By Amar Hakim
July 23, 1999

Malaysia's oft-repeated goal of becoming a knowledge-based society by the year 2020 hinges crucially on rapidly growing a technology-savvy workforce.

Thousands of software-skilled, Net-literate Malaysians are expected to be churned out from its education institutions in the coming years, and unleashed onto the information-rich workplace. These armies of cyber-workers will form the backbone of the country's drive to stay competitive and exploit the dynamics of the new digital economy.

The Smart Schools project, one of the seven flagship applications of the Multimedia Super Corridor (MSC), is a primary component in that game plan.

Essentially, the ambitious project seeks to shed forever the shackles of a British-inherited education system and cast aside its exam-oriented, rote-learning structure in favor of one that is more self-directed, participatory and collaborative.

Technology is to be the central enabler. Discarding the conventional delivery of knowledge to the young, students and teachers will have online access, multimedia courseware, and be able to tap into various databases and electronic libraries.

"To achieve developed nation status by 2020, the education system must undergo a quantum leap," said Education Minister Najib Razak recently.

But those lofty aspirations appear to be a long way off.

The government's plan to convert 8,500 schools into Smart Schools by 2010 was to have started officially with a pilot project involving 90 schools in January this year. The pilot project has lumbered on in fits and starts since a tender was called for the implementation of the project's infrastructure components in June 1997.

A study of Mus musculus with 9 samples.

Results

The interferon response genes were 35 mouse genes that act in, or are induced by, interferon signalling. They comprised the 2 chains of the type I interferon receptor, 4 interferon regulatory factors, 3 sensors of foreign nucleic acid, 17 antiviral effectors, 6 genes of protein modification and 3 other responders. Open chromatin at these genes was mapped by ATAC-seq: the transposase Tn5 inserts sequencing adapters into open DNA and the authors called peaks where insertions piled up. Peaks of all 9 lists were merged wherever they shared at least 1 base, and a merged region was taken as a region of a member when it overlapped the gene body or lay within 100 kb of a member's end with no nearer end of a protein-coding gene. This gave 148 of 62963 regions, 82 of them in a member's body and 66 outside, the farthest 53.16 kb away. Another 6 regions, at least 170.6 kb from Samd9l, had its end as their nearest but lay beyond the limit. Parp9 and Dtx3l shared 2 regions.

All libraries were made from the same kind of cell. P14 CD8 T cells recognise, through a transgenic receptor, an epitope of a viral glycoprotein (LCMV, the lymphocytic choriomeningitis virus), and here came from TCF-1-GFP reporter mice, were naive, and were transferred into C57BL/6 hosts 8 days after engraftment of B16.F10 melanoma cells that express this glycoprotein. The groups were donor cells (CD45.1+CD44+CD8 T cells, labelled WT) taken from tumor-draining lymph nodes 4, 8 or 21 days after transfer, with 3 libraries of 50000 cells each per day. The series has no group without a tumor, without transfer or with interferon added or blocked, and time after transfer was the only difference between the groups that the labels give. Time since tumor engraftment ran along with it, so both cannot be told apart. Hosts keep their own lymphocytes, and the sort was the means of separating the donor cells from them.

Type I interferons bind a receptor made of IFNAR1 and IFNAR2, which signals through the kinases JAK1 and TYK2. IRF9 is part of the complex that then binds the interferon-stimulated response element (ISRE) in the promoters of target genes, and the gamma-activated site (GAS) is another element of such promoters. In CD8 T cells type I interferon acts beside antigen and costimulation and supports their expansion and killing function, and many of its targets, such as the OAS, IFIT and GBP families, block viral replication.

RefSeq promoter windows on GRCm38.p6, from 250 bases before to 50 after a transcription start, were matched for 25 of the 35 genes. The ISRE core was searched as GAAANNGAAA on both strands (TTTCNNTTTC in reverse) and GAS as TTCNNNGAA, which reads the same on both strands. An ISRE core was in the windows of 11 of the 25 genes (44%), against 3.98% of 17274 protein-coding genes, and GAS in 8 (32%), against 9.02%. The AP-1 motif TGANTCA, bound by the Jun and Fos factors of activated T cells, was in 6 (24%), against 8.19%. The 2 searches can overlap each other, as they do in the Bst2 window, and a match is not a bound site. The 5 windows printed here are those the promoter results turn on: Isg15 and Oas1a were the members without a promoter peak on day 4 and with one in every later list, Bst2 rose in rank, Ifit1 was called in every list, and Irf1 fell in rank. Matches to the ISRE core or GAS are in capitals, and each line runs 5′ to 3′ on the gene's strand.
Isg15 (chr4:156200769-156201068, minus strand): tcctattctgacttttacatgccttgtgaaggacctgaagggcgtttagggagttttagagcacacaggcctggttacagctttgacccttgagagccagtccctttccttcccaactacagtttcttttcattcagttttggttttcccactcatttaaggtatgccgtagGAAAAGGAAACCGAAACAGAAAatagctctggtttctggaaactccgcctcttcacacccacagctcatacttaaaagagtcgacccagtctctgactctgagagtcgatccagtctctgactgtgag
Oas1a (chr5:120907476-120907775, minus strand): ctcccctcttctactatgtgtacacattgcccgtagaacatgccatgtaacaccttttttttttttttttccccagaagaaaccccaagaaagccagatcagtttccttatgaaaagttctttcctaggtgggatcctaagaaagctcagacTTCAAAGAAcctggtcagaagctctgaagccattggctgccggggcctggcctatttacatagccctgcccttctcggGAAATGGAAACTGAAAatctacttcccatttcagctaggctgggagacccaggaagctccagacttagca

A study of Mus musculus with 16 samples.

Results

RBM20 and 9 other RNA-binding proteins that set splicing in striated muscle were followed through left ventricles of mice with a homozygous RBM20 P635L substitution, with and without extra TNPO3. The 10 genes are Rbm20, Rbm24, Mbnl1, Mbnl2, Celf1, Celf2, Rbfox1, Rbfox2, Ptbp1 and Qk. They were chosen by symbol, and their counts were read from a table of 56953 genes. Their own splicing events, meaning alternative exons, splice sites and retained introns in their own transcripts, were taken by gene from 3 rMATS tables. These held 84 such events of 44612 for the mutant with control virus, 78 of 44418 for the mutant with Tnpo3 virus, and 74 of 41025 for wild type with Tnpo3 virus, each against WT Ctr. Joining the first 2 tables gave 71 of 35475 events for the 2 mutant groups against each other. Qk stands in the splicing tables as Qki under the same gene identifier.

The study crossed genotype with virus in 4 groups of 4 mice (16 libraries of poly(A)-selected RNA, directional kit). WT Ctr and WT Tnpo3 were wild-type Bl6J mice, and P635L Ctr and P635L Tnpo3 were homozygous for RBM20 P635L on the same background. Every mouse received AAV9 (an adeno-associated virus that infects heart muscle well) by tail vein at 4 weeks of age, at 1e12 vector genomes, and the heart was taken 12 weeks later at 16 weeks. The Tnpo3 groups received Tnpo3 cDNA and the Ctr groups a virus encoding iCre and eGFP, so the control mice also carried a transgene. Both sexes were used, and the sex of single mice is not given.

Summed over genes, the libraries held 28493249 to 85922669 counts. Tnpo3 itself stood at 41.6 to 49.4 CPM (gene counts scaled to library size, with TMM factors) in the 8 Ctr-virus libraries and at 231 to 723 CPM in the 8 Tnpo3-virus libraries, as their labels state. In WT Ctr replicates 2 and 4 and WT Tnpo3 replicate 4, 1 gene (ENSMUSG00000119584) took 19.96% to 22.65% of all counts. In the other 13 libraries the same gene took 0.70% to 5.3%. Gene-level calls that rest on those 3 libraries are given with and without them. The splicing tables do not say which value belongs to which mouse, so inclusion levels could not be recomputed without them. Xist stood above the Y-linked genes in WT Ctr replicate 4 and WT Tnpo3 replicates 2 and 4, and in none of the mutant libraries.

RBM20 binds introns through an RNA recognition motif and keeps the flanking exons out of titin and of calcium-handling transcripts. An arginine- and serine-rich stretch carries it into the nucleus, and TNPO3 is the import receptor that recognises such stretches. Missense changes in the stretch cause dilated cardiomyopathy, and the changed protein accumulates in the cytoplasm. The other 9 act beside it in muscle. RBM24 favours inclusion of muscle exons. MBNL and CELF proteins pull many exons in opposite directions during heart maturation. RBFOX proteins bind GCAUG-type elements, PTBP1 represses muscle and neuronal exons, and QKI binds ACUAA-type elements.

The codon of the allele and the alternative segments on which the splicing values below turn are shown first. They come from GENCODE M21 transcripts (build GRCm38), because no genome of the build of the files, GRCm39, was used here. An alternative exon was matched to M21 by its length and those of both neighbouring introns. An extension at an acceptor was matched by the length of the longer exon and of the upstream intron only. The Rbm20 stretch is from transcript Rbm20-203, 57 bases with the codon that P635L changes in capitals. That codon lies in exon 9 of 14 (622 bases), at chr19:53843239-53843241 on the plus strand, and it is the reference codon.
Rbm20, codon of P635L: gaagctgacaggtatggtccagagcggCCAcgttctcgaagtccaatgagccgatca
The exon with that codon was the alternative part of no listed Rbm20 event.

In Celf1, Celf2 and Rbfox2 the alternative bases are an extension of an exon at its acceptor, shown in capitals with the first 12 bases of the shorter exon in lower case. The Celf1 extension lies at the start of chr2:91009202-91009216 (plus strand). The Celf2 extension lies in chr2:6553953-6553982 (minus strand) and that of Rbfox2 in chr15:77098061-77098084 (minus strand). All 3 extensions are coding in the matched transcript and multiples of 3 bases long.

Two years on today, critical pieces--such as new schools to be built from scratch and courseware modules--have yet to materialize. A primary reason for the sluggish implementation was the Asian financial crisis, which hit Malaysian shores just as the Government was about to put the pedal to metal for the MSC's flagship applications.

The ensuing recession forced the government to severely curtail public expenditure and choked credit lines for the majority of Malaysian companies--a major setback in this land of Malaysia Inc, where the government relies heavily on its close partnership with the private sector, and vice versa.

An initial outlay for the Smart Schools project of RM400 million (US$105 million) was drastically slashed to RM53 million (US$14 million), leaving the schools without enough computers or the promised new syllabus.

The Government seemed to have reneged on one of the critical factors identified in the project's blueprint - sufficient funds and resources. One glaring example was the stalled construction of the Sri Bintang School complex in Ulu Pudu, Cheras in Kuala Lumpur.

Sri Bintang was to be the showpiece of the project and a concept model for other schools. Initially scheduled for completion by the beginning of the year, the complex's development has been quietly put on hold, possibly due to difficulties faced by its developers in obtaining financing.

The school complex was to house four schools, with multiple four-storey blocks for primary and secondary school sessions, a swimming pool and an eight-storey apartment block. What remains of the project today are buildings in a semi-completed state, with no new completion date in sight.



Amar Hakim has been a technology journalist for three years and never lets his schooling interfere with his education. Email us your comments.